Today, there are 77 days to Election Day 2022; but there are only 50 days to ballots dropping in the mail. The primary election is over. Some of the intra-party competitions have been extremely civil – for instance, Jevin Hodge and Adam Metzendorf vied for the CD1 nomination largely by presenting their own views and credentials, without casting aspersions on the other’s character; and while Jevin has won, I have no doubt that Adam will put in his customary extra effort to help him against Rep. Schweikert. In contrast, some other competitive races within each party, particularly for the Republicans, have been quite rancorous.

But I don’t want to imply that the Democrats have had no tough battles. There have definitely been cases where serious blows have been struck. And many of these may have really found their mark, touching on potentially significant weaknesses in the other’s campaign.


A Serious Challenge

They are done, and we face a far more serious challenge. At this point, our focus must be on defeating candidates who threaten to take our state and country to a very dark place. This year there are great risks for our democracy, our health, the education of our children, our environment, and even our bodily autonomy. These are not small things. Any animosity left over from the primary campaign must very quickly be discarded if we are to have any hope of success.

Many of the Democratic candidates are really quite impressive; and while it still seems odd to have to say this, unlike many of their opponents, they actually favor democracy. But they (like all the rest of us) are human and have flaws, some of which have been a focus of the intra-party competitions we have just experienced. Now we have to move on.

Of course, some of our candidates did not face competition in the primary. In LD4, for instance, Christine Marsh ran unopposed for the AZ Senate, as did Laura Terech for the AZ House. In the Maricopa County Attorney race, Julie Gunnigle was the sole Democrat in the primary. In this cycle we are fortunate to have outstanding candidates like these, and they don’t have obvious intra-party disputes to contend with.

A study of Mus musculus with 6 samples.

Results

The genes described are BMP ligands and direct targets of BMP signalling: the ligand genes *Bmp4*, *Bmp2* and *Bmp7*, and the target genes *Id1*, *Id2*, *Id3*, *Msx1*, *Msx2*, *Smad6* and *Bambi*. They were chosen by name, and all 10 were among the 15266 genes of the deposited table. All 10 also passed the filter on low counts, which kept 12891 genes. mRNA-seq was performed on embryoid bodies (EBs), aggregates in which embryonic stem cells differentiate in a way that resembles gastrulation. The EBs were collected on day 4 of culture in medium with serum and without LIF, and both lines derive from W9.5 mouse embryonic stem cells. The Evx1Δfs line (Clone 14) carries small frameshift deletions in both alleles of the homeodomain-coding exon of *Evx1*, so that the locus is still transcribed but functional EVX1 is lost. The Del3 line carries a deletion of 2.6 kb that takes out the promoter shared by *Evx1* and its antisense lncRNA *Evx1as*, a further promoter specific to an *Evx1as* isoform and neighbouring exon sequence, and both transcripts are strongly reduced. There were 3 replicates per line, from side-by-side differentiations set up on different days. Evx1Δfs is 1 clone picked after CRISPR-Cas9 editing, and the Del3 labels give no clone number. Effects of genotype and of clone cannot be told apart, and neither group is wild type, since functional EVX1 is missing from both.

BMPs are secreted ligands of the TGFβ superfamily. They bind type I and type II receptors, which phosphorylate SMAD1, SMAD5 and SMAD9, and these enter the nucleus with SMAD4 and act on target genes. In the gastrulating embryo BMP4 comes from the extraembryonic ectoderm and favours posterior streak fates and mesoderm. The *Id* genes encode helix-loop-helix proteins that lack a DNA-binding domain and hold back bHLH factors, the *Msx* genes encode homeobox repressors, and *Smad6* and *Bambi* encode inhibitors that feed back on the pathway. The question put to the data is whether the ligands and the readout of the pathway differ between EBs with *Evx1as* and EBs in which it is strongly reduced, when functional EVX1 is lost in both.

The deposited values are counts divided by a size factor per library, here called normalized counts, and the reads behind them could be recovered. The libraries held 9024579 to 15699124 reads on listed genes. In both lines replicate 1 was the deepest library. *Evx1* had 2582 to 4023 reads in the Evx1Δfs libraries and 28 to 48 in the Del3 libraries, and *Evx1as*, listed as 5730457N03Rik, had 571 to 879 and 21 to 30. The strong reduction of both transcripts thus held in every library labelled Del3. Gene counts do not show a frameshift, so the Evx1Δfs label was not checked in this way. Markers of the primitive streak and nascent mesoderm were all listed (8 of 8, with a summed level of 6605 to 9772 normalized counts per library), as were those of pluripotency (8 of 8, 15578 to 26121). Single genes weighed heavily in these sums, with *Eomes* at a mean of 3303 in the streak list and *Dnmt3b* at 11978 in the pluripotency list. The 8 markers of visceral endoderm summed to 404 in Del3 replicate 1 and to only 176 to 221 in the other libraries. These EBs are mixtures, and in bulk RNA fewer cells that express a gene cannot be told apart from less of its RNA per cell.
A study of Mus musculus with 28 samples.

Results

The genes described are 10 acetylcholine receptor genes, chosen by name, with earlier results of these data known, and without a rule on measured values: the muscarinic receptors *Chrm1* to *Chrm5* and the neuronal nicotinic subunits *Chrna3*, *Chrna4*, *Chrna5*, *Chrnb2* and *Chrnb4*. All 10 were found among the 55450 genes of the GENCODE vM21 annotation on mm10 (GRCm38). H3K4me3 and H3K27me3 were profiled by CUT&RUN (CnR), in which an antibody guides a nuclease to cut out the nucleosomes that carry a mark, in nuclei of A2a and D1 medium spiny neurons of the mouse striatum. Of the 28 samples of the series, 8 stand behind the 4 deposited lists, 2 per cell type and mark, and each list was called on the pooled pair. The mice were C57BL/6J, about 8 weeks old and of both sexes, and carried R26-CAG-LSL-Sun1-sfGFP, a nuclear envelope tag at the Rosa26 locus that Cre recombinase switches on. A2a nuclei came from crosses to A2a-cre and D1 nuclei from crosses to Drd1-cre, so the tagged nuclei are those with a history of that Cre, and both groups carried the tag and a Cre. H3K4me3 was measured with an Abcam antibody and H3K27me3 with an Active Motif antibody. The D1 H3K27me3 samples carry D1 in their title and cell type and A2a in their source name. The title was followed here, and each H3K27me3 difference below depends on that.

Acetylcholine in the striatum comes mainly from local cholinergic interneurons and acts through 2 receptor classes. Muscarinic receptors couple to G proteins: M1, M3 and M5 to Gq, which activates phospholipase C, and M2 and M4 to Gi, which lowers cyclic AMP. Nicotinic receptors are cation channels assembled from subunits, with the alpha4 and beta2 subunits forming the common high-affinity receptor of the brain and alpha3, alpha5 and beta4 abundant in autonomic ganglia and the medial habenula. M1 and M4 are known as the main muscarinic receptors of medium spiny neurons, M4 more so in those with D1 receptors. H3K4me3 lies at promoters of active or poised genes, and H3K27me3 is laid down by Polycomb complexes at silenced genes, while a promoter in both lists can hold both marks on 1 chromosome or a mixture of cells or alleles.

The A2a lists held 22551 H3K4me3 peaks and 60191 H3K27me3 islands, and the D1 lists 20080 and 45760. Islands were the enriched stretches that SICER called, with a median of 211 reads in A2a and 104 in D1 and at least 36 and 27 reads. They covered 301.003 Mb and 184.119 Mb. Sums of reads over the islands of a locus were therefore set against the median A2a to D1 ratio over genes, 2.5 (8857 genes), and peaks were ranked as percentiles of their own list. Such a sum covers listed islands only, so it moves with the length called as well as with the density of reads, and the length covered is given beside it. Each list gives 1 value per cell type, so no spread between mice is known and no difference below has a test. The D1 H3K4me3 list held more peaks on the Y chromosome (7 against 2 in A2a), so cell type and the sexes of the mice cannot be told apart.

Some Tough Primaries

But some Democratic races were contentious, for instance the contest for Secretary of State. Each of the two candidates had many endorsements, official and otherwise, many of which not only extolled the virtues of their candidate but also attacked what they saw as negative about the other. I had my own opinions in this race; I’m a fan of Adrian Fontes, and while I thought that Reginald Bolding had fought hard in the legislature for values I also hold, I felt that Fontes was a much better candidate for the job they both were seeking. But I wish Bolding well, and I look forward to Fontes beating the MAGA insurrectionist Finchem soundly.

But most importantly, we HAVE TO move past these skirmishes and all work together, no matter who we backed for the primary.

This is true in every election cycle. Candidates fight within their party, often vigorously, and after their primary work, can come together to defeat the other party. But this period, including both 2022 and 2024 cycles, is arguably one with much higher stakes than we have seen in many years. We haven’t had an attempted insurrection since the 19th century, an insurrection that also has the potential of resurging in 2024. We haven’t had such widespread successful legislative and judicial attacks on women’s health for 50 years. Public education may never have been under attack here in as many ways as it is now. Our climate challenge is at a critical tipping point. Even human lifespan is declining after many years of extension. Republicans are pushing to make all of these trends far worse, and Democrats are trying to reverse them.

It’s time to do whatever we can. Our first need in the coming period is to understand as much as we can about each race, including each ballot initiative, and then to find enough common ground with as many voters as possible.

There’s too much at stake to falter.